Södra’s nursery in Falkenberg is now using a biological method of pest control for the very first season, which means using beneficial animals instead of traditional chemical pest control. The biological method is more sustainable and creates a better work environment.
Indoor cultivation of birch is new in Sweden, and the greenhouse in Falkenberg was only opened last autumn. The birch seedlings grow well in the greenhouse environment – but pests, such as aphids and thrips, also thrive in the warm and protected environment. Some form of pest control is needed for the seedlings to survive. Biological pest control is a method that uses beneficial animals (such as hymenoptera and predatory mites) to attack the pests instead of using chemicals. The method works well in closed environments like greenhouses, but not outdoors.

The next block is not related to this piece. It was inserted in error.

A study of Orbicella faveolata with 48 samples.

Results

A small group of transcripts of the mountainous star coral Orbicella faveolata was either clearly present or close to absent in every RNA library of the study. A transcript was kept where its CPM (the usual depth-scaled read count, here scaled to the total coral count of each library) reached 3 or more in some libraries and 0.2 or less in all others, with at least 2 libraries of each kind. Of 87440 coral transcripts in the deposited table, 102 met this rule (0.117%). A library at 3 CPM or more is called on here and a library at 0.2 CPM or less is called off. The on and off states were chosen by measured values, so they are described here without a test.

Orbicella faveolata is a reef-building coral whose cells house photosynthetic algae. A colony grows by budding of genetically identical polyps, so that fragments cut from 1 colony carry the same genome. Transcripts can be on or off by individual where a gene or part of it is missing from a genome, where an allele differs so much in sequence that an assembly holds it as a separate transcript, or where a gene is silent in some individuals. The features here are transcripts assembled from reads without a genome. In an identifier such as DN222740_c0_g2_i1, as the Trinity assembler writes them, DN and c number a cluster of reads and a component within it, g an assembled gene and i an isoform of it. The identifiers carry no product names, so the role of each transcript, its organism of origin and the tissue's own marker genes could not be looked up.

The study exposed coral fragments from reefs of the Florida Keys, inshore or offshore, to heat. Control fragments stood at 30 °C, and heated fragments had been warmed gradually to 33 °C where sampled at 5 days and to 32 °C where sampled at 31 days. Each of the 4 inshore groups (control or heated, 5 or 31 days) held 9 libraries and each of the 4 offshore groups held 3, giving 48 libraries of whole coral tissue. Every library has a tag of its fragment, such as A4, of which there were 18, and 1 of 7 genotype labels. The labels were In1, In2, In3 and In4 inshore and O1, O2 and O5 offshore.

“This will be the first summer the greenhouse has been used for the whole season. A biological method that is more sustainable and creates a better work environment felt like the right choice,” said Johan Henriksson, Nursery Manager at Södra Skogsplantor.
The beneficial animals are delivered in small bags that are hung in the birch seedlings. From here, they fly out and look for the areas that have been attacked. Only the areas under direct attack are targeted. Unlike chemicals, the method leaves no trace on either seedlings or the surrounding soil.
“The sustainability aspect is important for both customers and our owners, and the requirements that we have to meet as suppliers are becoming increasingly clearer in this respect. We must be innovative and find new solutions all the time, and with nature as the architect, this really is a very clever solution,” said Johan Jonsson, Head of Södra Skogsplantor.